Programmes > Par auteur > Lesage Camille

Identifying the variability of Levallois reduction sequences in Altai (Russia): a re-examination of the evidence
Camille Lesage  1, 2@  , Jacques Jaubert  1@  
1 : De la Préhistoire à lÁctuel : Culture, Environnement et Anthropologie  (PACEA)  -  Site web
Université de Bordeaux, Centre National de la Recherche Scientifique : UMR5199
Université de Bordeaux Bâtiment B8 - CS50023 Allée Geoffroy Saint Hilaire 33615 PESSAC CEDEX -  France
2 : Novosibirsk State University  (NSU)  -  Site web
Pirogova str. 2, 630090 Novosibirsk -  Russie

The Altai range, in the South of the Russian Federation, has yielded an important series of prehistoric assemblages in various contexts (caves, shelters and open-air sites). Recent anthropological and archaeological studies have established the significance of this area, with complex peopling events involving at least three different human species, Neanderthals, Modern Humans and Denisovans, the latter being exclusively associated with Altai assemblages. However, if the cultural background of these hominins' occupation is well defined for the beginning of the Upper Palaeolithic, a better characterisation of the previous period's productions is yet to be undertaken.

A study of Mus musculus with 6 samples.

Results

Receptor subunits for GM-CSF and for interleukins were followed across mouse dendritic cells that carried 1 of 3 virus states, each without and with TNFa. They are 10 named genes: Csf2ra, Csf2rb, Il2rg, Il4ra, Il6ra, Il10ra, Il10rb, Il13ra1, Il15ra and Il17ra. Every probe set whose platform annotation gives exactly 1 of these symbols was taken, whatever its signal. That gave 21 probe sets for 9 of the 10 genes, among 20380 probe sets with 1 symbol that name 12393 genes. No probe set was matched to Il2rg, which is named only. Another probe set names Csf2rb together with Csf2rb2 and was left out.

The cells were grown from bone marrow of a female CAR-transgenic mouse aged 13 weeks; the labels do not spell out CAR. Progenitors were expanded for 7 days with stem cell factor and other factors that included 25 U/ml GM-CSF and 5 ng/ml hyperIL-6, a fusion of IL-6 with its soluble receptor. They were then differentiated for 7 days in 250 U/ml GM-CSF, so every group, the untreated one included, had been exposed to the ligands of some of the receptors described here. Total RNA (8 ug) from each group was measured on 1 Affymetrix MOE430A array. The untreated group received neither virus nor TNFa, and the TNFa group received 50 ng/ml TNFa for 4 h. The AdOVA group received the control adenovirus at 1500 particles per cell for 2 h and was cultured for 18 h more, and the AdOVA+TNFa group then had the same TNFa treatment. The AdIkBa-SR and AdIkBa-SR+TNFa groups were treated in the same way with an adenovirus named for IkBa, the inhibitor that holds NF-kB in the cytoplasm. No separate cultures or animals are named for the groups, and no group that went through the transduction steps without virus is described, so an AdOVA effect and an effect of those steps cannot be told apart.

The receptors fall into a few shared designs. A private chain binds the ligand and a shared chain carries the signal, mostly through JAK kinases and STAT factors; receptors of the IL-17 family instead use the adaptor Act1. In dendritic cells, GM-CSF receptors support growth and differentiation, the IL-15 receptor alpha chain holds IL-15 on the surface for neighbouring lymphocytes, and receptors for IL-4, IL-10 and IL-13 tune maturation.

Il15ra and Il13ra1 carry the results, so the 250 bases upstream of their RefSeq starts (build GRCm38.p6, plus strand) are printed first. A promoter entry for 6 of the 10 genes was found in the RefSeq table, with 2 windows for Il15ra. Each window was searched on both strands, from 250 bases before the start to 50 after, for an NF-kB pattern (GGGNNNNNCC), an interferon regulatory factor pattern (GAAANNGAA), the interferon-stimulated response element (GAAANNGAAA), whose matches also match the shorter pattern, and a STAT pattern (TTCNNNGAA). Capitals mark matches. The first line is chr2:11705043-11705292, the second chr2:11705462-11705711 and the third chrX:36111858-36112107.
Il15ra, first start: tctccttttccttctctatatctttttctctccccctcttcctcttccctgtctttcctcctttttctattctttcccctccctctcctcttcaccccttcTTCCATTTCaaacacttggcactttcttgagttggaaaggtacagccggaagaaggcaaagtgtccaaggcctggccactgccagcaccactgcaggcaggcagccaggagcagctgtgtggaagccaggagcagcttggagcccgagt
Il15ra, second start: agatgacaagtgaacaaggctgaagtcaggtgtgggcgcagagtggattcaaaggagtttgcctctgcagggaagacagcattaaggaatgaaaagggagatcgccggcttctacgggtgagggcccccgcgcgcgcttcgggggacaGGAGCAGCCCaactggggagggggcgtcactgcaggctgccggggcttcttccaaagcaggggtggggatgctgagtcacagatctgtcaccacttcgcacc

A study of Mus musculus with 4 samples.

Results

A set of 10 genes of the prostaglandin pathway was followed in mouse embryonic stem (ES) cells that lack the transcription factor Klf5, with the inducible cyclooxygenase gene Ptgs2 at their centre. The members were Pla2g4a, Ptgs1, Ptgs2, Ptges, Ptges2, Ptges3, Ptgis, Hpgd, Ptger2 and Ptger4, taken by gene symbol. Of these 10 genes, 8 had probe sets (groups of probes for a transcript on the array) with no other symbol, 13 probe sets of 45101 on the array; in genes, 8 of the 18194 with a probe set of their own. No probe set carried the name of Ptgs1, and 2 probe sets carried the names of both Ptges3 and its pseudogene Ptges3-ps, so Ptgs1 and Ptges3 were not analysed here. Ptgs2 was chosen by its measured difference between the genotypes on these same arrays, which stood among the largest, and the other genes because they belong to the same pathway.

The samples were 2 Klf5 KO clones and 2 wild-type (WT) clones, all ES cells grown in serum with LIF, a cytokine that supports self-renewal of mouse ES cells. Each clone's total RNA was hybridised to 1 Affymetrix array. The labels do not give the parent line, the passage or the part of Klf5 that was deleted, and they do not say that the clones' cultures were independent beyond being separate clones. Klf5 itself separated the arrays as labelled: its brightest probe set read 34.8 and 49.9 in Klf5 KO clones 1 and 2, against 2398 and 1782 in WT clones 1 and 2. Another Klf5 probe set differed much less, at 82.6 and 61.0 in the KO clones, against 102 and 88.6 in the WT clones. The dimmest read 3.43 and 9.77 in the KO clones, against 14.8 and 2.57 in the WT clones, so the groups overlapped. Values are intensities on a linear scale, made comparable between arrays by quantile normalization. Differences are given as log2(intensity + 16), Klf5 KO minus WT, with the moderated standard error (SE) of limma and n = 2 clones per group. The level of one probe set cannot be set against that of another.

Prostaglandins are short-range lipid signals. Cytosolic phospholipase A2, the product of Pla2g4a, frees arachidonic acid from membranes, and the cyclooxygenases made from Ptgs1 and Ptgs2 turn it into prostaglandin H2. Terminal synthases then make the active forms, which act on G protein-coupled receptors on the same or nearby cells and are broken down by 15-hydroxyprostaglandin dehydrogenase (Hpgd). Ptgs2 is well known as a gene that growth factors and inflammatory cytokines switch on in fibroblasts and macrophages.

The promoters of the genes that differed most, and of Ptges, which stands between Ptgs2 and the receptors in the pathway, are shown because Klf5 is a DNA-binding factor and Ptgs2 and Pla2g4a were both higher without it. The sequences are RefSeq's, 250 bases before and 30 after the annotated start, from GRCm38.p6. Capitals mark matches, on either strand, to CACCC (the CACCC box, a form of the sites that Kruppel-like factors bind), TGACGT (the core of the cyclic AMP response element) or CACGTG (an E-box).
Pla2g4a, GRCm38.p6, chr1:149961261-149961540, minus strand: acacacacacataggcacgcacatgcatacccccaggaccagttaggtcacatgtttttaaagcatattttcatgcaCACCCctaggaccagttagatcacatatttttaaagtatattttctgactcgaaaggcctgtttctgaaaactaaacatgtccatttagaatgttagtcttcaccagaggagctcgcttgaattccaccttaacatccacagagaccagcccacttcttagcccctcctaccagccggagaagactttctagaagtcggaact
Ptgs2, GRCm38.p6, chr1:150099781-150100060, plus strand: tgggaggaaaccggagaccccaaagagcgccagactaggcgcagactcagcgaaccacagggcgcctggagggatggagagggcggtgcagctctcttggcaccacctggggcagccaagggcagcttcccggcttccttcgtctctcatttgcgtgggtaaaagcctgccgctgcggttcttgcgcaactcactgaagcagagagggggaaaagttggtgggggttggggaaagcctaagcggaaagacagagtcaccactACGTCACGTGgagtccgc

Levallois technology has been identified in many Altai sites, and is considered an important characteristic of the Middle Palaeolithic and, according to some authors, beginning of the Upper Palaeolithic of this region. Its presence is attested in all the caves and open-air sites related to these periods, except only Chagyrskaya – the lithic material of which displays very singular technological features. That is why Levallois is regarded as one of the defining cultural features of this region. However, if previous studies allowed the identification of the presence of Levallois in those sites, they only did so in terms of presence/absence through a typological approach. These kinds of studies focus on the aspect of the cores and final products, and do not allow us to deal with the complexity and variability of the Levallois reduction techniques. To address this issue, we have undertaken a review of material coming from some of the key Altai sequences, while trying to reconstruct the different chaînes opératoires implemented for the production of the desired products that had been previously recognized as Levallois. Results have shown that there is a greater variability than what was concluded with typological studies, both at inter and intra-sites scales. This challenges the dominant pattern of the Levallois reduction sequences and highlights the regional cultural specificities of this production.